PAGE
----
SC To Hear States' Petitions On Highway Liquor Ban Today

SC dismisses plea against Chandigarh admn for denotifying highways

SC dismisses plea against Chandigarh admn for denotifying highways

The apex court's refusal to set aside the notification may lead other states to denotify highways criss-crossing the cities to allow liquor vends to continue operating. As long as a road is a highway our order on liquor ban will apply, the moment it ceases to be a highway the order will not apply. Court has agreed to hear these petitions on July 12th. But the bench was reluctant and said "All IA's dismissed". There has been much news floating around that is not true.

While the Supreme Court on Tuesday indicated that it would dismiss a petition filed against the Punjab and Haryana High Court ruling allowing the Chandigarh administration to denotify highways, sources in the Public Works Department say Karnataka can not denotify national highways since they are the property of the Union government.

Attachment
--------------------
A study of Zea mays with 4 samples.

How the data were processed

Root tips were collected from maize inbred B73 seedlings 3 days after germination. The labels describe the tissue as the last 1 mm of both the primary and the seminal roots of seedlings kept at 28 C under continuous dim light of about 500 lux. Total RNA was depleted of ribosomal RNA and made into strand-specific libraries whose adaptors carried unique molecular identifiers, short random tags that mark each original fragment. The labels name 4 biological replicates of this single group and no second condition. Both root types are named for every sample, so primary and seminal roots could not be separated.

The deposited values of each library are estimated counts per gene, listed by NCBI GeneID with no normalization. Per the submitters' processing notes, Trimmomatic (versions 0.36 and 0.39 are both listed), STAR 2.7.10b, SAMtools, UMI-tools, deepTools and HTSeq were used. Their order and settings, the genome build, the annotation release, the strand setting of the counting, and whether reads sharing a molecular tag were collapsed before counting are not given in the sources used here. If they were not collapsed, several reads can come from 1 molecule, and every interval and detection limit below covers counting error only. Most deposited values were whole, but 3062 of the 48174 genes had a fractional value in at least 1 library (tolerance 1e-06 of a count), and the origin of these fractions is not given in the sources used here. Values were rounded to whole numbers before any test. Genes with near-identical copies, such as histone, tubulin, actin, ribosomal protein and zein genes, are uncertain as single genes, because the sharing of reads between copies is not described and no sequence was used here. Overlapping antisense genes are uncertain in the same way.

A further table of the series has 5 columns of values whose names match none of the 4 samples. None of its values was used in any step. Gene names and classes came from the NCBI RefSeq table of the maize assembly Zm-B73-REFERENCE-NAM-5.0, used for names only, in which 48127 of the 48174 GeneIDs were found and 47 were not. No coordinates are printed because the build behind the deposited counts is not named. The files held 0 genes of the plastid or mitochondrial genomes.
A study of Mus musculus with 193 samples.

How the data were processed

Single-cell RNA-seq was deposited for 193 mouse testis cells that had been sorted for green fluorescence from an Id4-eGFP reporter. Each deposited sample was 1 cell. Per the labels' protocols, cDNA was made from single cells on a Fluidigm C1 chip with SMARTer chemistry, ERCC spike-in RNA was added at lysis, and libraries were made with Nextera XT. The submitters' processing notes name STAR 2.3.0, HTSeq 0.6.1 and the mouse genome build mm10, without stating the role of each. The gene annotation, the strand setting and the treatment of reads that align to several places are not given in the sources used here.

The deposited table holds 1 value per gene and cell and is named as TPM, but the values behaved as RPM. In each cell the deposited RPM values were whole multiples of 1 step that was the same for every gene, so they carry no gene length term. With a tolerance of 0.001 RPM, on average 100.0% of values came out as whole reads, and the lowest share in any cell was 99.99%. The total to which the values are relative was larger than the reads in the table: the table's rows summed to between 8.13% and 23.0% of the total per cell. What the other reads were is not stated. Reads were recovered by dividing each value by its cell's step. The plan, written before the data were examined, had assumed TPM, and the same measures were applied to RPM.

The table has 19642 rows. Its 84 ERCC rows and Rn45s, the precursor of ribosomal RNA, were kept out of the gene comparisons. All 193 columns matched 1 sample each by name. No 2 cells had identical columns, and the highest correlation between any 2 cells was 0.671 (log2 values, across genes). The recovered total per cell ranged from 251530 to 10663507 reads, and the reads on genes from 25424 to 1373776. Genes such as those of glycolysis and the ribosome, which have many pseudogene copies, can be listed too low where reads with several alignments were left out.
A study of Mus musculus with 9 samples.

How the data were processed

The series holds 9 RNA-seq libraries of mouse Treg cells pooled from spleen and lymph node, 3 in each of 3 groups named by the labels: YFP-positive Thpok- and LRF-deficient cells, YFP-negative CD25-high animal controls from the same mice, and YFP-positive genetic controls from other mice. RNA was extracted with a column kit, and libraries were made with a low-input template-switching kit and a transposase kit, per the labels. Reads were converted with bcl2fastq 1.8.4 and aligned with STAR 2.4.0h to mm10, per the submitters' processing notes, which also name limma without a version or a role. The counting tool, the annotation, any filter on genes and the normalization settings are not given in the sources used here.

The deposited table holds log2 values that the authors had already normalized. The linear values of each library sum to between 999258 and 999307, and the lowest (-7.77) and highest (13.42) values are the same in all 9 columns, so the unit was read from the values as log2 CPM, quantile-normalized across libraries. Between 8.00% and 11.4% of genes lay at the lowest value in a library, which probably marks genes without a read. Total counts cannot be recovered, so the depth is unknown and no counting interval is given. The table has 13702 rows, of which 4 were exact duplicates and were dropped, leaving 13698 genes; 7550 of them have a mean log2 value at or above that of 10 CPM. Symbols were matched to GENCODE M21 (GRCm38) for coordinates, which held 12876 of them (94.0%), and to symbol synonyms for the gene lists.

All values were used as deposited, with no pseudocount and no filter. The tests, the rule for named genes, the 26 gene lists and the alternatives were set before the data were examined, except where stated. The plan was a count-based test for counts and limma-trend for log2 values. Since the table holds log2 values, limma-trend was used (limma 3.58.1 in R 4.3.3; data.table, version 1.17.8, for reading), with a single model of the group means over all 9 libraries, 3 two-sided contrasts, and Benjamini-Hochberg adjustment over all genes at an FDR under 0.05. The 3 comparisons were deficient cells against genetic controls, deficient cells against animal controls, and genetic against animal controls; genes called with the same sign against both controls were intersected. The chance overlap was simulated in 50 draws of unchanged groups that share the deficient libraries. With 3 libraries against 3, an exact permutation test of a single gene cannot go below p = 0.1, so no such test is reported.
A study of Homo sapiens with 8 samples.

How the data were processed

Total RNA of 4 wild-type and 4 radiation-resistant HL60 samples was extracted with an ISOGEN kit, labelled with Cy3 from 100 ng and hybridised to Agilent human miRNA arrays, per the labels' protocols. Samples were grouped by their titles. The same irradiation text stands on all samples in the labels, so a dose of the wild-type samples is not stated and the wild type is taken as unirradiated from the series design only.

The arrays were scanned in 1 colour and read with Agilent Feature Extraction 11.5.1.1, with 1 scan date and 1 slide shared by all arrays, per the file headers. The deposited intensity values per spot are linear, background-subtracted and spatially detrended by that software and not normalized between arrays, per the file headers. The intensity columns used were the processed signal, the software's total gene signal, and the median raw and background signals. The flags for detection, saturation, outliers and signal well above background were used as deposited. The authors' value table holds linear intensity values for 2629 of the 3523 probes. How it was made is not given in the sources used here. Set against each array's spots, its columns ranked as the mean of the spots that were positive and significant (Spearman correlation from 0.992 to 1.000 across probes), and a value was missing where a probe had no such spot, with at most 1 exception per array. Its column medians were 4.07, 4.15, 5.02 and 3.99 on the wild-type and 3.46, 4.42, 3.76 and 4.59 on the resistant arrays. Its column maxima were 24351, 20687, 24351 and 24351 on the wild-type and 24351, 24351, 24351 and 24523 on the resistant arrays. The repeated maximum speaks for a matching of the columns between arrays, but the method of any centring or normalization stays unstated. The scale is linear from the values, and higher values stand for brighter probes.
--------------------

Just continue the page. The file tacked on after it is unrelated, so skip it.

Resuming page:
"If it is within city, you can touch it, if it is not, you cannot", a three-judge bench presided over by Chief Justice of India JS Khehar said. "We will clarify whether the order passed by the High Court is violative of earlier order of apex court", the bench said. "It is a double-whammy for us because of the liquor ban and the road works on Church Street". However, the SC rejected all the objections to denotification of the highways.

An NGO, which had originally sought removal of all liquor outlets along highways to curb road fatalities, had challenged the Chandigarh administration's decision.

"If a state has the authority to denotify a highway to municipal road, then we will test whether it is doing so to violate the SC order".

Several states, including Kerala, Himachal Pradesh, Arunachal Pradesh, Punjab, Telangana and Haryana and various others had told the apex court that 500-metre distance is much higher and should be reduced.

The court observed that the the objective of its original judgment in which it barred alcohol outlets within 500 metres of all highways was to ensure that drivers under the influence of alcohol do get on to high-speed national highways. Rajasthan had also denotified certain sections of state highways passing through populous towns in the state.

The Court remarked "that the intention behind the order was as long as it remains a highway, sale of liquor within 500 meters would be banned".